Economy

1. Phasing out property taxes for primary homes of New Jersey residents who: a) Work in the state of New Jersey; b) Are retired; c) Serve in the armed forces of the United States.

2. Phasing out property taxes for farms and businesses.

3. New Jersey minimum wage will rise to $18 per hour without health coverage benefits or $15 with HCB. H2B workers to be paid in compliance with federal law.

4. Dividend from S corporations, limited partnerships, and the self-employed with employer identification numbers will be tax-exempt.

5. Profits from C corporations operating with significant presence and in certain areas of New Jersey will also be tax-exempt. This could be one of the most controversial proposals and duly so. But the principal rationale behind it is to attract more large corporations to set up shop in New Jersey. We must ask ourselves: Do we want those jobs in our state or not? If the answer is yes, we will be competing with cheaper labor overseas and even in other states. Therefore we must make sacrifices to attract them.

6. Standard and preferred dividends from C corporations:

Direct dividends from corporations that do not have a presence in New Jersey will be standard dividend in the eyes of the New Jersey Division of Taxation and taxed at a rate of 50% of margin after federal taxes. New Jersey residents owners of stock of those corporations will be liable for 50% of their profits after federal tax. NOTE: Retirement accounts such as IRA and 401-K are excluded from this provision. There would also be a cut-off income below which the provision would not be applied.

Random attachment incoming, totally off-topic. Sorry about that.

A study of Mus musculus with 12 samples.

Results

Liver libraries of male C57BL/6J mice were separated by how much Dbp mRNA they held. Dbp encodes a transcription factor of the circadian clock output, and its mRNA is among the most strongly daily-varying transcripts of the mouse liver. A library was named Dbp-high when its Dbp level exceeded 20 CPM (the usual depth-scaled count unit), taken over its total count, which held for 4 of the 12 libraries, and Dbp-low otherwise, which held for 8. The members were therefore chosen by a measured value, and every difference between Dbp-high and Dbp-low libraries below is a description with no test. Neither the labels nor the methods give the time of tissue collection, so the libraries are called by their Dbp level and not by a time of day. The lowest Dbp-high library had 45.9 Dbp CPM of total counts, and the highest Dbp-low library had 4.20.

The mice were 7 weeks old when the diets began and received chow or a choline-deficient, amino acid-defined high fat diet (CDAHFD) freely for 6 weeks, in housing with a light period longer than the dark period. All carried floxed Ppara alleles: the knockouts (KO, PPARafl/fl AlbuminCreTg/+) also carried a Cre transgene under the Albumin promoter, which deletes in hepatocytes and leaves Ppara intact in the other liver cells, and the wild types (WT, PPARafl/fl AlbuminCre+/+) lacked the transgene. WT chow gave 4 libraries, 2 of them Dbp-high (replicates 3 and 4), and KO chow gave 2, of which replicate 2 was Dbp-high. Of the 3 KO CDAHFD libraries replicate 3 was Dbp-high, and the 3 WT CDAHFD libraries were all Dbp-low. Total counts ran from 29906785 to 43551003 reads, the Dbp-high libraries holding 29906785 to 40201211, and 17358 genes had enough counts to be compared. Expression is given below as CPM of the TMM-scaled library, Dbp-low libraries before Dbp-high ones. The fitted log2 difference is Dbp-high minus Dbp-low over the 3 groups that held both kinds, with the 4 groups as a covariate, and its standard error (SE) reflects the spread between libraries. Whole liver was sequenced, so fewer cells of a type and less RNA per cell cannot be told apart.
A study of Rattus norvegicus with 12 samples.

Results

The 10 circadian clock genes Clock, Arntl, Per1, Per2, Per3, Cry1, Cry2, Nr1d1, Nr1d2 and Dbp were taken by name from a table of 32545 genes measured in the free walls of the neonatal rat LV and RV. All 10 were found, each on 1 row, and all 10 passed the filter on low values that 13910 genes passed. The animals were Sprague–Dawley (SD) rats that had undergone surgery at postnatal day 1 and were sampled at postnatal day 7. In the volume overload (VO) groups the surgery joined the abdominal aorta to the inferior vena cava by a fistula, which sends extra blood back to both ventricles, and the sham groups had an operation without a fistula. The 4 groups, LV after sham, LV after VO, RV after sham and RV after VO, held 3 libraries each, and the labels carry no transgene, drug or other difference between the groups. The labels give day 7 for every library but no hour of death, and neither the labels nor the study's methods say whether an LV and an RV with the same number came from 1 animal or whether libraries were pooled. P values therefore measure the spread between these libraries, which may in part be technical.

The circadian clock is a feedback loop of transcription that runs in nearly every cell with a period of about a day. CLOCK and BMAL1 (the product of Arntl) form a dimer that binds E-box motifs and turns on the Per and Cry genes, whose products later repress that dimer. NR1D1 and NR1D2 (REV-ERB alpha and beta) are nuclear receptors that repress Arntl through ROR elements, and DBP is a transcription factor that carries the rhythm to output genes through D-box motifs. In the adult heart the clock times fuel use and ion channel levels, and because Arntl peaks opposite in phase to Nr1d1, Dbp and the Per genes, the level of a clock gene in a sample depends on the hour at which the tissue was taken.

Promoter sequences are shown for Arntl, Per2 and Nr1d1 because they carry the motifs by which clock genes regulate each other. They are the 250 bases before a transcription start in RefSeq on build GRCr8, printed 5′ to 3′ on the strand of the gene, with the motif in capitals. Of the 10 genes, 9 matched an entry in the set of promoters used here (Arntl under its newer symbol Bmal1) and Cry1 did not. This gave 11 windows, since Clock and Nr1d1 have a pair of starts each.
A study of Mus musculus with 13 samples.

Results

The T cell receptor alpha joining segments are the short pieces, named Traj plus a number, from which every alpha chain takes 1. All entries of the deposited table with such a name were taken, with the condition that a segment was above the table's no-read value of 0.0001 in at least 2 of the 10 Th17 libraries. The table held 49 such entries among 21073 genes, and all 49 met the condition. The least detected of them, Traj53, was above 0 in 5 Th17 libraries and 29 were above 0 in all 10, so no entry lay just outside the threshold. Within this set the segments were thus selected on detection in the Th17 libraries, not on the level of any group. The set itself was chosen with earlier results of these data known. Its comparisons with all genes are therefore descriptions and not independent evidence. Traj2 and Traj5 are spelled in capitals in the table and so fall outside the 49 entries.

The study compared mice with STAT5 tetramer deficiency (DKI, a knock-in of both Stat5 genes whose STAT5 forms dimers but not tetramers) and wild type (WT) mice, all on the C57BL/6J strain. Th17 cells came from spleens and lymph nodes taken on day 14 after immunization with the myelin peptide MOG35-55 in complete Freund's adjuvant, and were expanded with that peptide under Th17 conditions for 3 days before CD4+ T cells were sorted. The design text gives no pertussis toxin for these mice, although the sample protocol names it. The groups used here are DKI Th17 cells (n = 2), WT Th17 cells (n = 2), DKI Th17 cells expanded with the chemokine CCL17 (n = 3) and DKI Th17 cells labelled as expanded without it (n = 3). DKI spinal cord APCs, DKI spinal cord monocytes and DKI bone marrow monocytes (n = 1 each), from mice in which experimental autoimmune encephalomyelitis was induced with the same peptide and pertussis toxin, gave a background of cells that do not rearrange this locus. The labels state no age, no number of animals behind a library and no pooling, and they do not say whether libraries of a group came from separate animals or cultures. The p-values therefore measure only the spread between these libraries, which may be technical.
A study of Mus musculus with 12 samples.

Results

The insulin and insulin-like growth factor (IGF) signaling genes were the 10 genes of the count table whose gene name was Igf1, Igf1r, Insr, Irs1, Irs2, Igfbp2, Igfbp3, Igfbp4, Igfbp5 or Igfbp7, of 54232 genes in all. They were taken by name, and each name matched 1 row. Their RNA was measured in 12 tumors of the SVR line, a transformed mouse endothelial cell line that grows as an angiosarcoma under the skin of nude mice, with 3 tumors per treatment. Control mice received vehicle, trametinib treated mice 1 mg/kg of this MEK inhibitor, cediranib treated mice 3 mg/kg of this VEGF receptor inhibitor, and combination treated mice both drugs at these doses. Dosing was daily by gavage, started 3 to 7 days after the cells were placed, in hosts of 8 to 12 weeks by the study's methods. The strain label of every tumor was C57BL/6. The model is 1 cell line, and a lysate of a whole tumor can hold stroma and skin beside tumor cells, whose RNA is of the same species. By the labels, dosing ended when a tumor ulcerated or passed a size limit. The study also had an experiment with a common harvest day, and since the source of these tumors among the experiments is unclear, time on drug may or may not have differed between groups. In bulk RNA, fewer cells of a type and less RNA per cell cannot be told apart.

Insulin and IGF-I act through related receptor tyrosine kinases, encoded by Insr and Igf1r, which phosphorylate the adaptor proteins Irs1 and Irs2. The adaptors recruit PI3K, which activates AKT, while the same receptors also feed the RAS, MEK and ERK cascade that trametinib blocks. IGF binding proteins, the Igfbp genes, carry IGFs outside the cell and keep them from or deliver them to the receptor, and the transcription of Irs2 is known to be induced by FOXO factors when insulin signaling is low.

As an example: The Swiss corporation Hoffman-La-Roche has a significant operation in New Jersey. It will pay no corporate taxes and it will pay no property taxes for its facilities in Nutley. The dividend it pays to investors will be “preferred dividend” and accordingly taxed as regular income. On the other hand, dividend from General Motors, nominally a U.S. corporation but which is absent from New Jersey and has shown a marked tendency to outsource its production outside the United States, will be categorized as standard and taxed at 50% after U.S. tax.

7. Personal income taxes will increase.

This is an economical platform which is accompanied by a number of other measures (see political program page)

This program could change due to economical events, legal conflict with federal laws, and other unforeseen factors.

Please, refer to chapters: Political Program and Tax Reform. I had also published the 7 points above in a post titled: “Inflation without growth – my remedies” on May 31, 2011.